Former Florida Gov. Jeb Bush turned a lot of heads Friday when he said immigrants in the United States are “more fertile,” but the real shockwaves are being felt in the conservative movement after Bush delivered a defense of immigration reform and of accepting “non-traditional” families at the conservative Faith and Freedom Coalition conference.
Bush, regularly mentioned as a potential 2016 Republican candidate for president, upset the delicate balance at the conference—a key stop for any potential candidate to tap into the Republican Party’s social conservative base—where speakers like Sen. Marco Rubio and Rep. Paul Ryan carefully toed the line to avoid upsetting their hosts. Bush went the opposite direction, encouraging conservatives to embrace immigration reform and the modern definition of families.
“Demography is destiny,” Bush said in his address to the “Road to Majority” conference, bemoaning declining birth rates in the United States and talking about the economic benefit of immigration reform.
“We’re going to have fewer workers taking care of a larger number of people than the country has a social contract with, to be able to allow them to retire with dignity and purpose,” Bush said. “We cannot do that with the fertility rates that we have in our country.”
“Immigrants are more fertile and they love families and they have more intact families and they bring a younger population,” he continued, calling for a more economically focused immigration policy and saying immigrants create an “engine of economic prosperity.”
(While Twitter was aflame over Bush’s word choice, Bush has long been a supporter of immigration reform and has built the case around immigrant fertility rates before.)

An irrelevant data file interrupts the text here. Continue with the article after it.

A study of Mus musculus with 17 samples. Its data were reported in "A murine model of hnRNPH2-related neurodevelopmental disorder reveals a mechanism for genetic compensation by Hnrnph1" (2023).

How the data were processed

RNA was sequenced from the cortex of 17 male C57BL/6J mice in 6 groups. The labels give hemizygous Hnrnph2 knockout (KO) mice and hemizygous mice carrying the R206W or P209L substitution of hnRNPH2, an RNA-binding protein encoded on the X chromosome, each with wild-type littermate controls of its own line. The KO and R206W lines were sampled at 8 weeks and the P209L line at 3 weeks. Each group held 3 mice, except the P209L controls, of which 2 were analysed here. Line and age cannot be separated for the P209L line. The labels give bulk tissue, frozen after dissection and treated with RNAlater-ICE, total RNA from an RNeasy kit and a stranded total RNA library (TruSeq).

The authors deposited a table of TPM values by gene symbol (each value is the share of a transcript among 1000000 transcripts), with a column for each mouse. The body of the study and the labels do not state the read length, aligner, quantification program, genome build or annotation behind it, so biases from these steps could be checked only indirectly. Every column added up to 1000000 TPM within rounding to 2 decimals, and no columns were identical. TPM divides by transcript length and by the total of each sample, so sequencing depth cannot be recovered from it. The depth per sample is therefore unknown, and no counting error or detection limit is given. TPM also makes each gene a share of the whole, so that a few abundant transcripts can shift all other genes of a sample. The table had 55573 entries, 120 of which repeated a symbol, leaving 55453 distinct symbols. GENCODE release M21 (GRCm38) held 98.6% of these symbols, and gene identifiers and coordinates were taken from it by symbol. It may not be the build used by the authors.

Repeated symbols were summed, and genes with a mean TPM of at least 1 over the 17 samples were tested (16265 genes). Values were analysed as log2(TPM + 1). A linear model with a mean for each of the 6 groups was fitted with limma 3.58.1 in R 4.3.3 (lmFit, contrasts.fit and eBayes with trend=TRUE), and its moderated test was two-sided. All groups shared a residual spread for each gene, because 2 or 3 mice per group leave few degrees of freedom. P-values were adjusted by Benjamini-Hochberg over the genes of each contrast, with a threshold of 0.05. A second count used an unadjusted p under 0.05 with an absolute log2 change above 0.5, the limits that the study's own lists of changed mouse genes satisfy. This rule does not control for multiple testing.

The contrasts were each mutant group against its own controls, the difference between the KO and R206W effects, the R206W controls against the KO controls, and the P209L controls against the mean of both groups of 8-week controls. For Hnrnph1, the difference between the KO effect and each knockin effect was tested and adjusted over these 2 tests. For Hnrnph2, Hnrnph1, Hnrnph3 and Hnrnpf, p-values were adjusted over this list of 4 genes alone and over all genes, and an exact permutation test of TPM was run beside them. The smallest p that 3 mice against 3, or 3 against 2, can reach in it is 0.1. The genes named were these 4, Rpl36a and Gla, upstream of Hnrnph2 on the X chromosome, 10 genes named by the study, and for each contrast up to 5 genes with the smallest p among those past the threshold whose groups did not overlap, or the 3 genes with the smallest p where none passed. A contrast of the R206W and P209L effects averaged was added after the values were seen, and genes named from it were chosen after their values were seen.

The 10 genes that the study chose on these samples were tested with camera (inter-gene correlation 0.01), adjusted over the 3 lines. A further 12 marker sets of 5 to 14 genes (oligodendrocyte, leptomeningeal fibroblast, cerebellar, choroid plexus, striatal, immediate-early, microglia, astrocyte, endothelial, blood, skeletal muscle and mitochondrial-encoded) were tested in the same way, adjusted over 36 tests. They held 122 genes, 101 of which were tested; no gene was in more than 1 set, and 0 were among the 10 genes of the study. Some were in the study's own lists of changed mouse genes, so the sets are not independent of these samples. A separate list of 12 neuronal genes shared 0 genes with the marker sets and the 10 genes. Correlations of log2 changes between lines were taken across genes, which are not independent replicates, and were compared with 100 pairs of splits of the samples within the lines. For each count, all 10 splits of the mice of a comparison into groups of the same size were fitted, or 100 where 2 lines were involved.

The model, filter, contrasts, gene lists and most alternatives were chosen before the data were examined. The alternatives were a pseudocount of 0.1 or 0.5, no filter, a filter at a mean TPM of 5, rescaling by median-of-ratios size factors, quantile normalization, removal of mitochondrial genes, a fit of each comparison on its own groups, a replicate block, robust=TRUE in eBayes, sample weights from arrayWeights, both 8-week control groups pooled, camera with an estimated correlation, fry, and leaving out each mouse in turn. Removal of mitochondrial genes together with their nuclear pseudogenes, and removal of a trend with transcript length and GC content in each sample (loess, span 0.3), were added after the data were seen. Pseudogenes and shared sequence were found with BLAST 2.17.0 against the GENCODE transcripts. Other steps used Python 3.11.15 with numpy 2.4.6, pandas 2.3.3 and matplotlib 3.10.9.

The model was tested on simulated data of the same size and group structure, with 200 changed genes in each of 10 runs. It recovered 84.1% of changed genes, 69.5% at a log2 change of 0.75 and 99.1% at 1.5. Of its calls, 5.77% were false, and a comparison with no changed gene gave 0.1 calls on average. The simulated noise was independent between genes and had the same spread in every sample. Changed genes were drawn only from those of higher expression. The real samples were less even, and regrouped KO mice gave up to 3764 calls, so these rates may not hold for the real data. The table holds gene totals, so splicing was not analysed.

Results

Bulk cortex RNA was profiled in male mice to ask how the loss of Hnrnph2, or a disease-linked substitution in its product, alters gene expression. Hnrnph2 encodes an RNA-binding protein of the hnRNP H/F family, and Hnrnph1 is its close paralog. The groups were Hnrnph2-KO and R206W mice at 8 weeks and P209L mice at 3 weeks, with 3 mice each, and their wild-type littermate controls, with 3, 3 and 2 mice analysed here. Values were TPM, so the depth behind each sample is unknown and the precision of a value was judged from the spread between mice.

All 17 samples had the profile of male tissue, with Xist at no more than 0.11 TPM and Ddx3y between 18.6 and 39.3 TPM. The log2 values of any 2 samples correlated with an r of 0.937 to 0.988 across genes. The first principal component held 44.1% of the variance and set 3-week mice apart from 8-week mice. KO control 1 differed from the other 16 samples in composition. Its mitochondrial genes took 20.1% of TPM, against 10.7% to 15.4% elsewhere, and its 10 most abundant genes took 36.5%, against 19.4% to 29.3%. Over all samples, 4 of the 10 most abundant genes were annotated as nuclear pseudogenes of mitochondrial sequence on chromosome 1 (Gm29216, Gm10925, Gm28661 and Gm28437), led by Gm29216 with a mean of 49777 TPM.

Conservatives have been the last to grab onto the bipartisan immigration reform effort, with many either opposing the effort or trying to toughen the bill. The Faith and Freedom Coalition, founded by evangelical leader Ralph Reed, is opposed to a path to citizenship for those who crossed the border illegally and is calling for tougher standards on border security. Rubio, one of the “Gang of Eight” authors of the senate’s bipartisan immigration bill and the subject of conservative pressure to toughen or even abandon the legislation, barely mentioned it in his speech to the group on Thursday.
Unlike Rubio’s remarks, Bush’s weren’t’ punctuated by cries of “Amen” or rapturous applause, especially his comments about reevaluating the conservative definition of ‘family.’
“Let me remind you, families don’t look all the time like they used to, and that’s okay,” Bush said. “We have to be supportive of a single mom or dad, or the grandmother taking care of young children, the non-traditional family as we are of any idealized families of our youth.”
Bush, who said in March that he believes gay marriage should be a state issue, said that society shouldn’t focus on the makeup of families, but on the outcome for their children.
“Things are not as black and white as they used to be — there’s a lot more gray now,” he told the social conservative group. No one applauded.
In an interview with ABC News airing Sunday, Bush did not offer any hints as to whether he will seek the White House inhabited by both his brother and father.
“I think we’ve got a split ballot amongst the Bush senior family. Pretty sure that’s the case,” he joked.